Joining a private equity board has its upsides, starting with the fact that a successful deal could mean a big payout for directors. Yet it’s not for everyone: this type of board service also carries plenty of risk. What should potential PE directors know before accepting a role? On July 16th, Egon Zehnder gathered public company CEOs and CFOs in the United Kingdom to learn more.
Your Shareholders Are More Active
Going from a public company board to a private equity board is not an escape from shareholders; it’s just working with fewer, more involved shareholders. While public company shareholders can be active, many are relatively passive and are not involved in the company on a day-to-day basis. With PE you will have only one or two investors but they will be highly active and engaged with the company and they will be sitting in the boardroom. If there is more than one investor, the role of the non-executive chairman is often to help manage conflict between the investors. For example, they may not agree upon when to exit a company. “Often I’ve felt more like a relationship counsellor – it’s where Swahili meets English: They are not per se aligned,” as one attendee put it.
Diligence Is Your Top Priority
PE is an alluring space with head-turning deals; however, there are big risks, which require extensive attention to details and due diligence. As with a public company, every director must truly understand the numbers, ask to see all relevant documents, including the transformation plan, get comfortable with how agile the company is, and be aware of how aligned the stakeholders are. And that applies at all stages of the PE ownership cycle, including at exit. As one attendee noted, this is also counts for a pre-IPO board. “There are too many examples of prospective board members not doing their pre-IPO due diligence—and the board composition is often not the first thing the PE firm thinks of when planning an IPO.”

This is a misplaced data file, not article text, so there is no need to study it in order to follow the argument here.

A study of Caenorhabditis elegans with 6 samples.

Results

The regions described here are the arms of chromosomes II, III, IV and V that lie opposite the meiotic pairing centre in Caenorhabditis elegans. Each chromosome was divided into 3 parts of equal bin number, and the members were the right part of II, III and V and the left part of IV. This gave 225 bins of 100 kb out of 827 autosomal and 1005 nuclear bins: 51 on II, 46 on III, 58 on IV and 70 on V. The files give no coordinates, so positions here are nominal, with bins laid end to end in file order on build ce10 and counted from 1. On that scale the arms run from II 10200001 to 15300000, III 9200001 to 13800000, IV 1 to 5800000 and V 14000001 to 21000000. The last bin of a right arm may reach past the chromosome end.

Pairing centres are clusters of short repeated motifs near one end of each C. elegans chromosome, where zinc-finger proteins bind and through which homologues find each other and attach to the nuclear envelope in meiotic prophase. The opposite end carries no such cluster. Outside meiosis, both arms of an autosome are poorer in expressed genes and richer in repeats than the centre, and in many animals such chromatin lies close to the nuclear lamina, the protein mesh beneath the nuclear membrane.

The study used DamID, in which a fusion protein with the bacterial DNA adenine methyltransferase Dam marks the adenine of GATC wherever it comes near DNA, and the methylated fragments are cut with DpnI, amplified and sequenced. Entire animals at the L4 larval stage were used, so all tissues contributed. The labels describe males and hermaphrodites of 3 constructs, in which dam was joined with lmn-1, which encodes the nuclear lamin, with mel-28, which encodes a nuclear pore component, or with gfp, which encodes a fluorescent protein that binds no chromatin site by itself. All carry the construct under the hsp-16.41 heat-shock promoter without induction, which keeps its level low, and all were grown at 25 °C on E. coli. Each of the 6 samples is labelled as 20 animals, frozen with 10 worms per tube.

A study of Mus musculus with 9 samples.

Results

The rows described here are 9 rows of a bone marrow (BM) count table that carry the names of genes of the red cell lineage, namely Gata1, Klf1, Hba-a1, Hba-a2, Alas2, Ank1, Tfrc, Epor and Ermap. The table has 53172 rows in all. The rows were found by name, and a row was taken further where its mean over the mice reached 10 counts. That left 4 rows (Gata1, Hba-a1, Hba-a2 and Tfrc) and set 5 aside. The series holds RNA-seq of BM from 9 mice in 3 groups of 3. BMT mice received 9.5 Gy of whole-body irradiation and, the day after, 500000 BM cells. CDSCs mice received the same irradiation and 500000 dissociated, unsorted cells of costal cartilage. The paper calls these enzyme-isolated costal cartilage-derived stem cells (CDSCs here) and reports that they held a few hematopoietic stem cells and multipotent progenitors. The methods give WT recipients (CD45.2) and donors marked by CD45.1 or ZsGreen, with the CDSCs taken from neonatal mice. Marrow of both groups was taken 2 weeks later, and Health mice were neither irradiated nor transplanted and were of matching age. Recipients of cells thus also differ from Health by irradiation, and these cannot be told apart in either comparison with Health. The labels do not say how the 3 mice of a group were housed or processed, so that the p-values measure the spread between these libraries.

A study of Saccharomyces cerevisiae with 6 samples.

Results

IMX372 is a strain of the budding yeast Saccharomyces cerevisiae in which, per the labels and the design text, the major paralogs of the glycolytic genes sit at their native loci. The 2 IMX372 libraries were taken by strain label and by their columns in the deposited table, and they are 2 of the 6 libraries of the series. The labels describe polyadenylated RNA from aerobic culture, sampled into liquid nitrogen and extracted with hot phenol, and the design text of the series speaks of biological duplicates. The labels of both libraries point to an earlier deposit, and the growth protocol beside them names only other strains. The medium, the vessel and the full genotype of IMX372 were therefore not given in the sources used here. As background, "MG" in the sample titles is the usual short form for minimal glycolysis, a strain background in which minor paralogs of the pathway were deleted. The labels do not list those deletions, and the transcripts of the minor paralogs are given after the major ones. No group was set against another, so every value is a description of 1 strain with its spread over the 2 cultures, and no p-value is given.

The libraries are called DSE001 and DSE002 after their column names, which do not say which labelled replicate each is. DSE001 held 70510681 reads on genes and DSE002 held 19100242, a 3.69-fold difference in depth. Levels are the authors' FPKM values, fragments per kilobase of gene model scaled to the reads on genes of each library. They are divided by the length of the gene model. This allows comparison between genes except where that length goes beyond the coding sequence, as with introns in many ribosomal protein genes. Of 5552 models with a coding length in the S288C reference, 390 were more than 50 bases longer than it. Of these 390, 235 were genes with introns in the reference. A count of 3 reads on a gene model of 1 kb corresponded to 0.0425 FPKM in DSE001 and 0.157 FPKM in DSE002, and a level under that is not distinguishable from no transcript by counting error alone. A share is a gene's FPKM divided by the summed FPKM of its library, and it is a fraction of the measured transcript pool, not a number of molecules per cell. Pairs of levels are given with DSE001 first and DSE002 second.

Board composition is one of the reasons due diligence often doesn’t rise to the level it should. PE boards are mainly composed of directors with similar expertise. “PE is very focused on specific industry experience, so the boards are less diverse,” one attendee explained. “The risk is group-think.” As a director, you must be keenly aware of this homogeneity, and ensure you are getting the outside perspective you need to make the best decisions on potential deals.
It’s also important to note that while PE companies tend to be agile and open to change, they are not simply focused on deals that are lucrative in the short term. “There is more long-term thinking in PE now,” an attendee explained. ”You need to leave behind a business that is better than the one you bought.”
You’re Expected to Roll Up Your Sleeves
Board service in public companies is governance-heavy and while board members are highly aware of what is happening in the company, they leave the actual managing to managers. However, directors on private equity-owned company boards are expected to be much more active than in a public company, often blurring the line between management and oversight. There is a much greater focus on the commercial side of the business rather than governance. This requires directors to be much more involved in the deal-making process, which is time-consuming and doesn’t always yield results. One piece of advice from the dinner was for directors to choose to work on specific types of deals that align with their interests and expertise rather than being involved in every deal in some way.
No Need to Choose
You do not need to feel pigeonholed into either PE or public company boards. Some directors enjoy both types of board service—they key is to be aware of the differences in director expectations. One attendee suggested adopting a low-ego approach when going from a public company to a PE one is critical, noting that resources are constrained and that if you prioritize size, scale and your name in the paper, PE board service may not be right for you. (Your chauffeur will not be waiting outside.) PE boards are more focused on having board members who want to execute deals and leverage their experience. “The most important thing you bring [to a PE board] are the scars on your back,” an attendee said.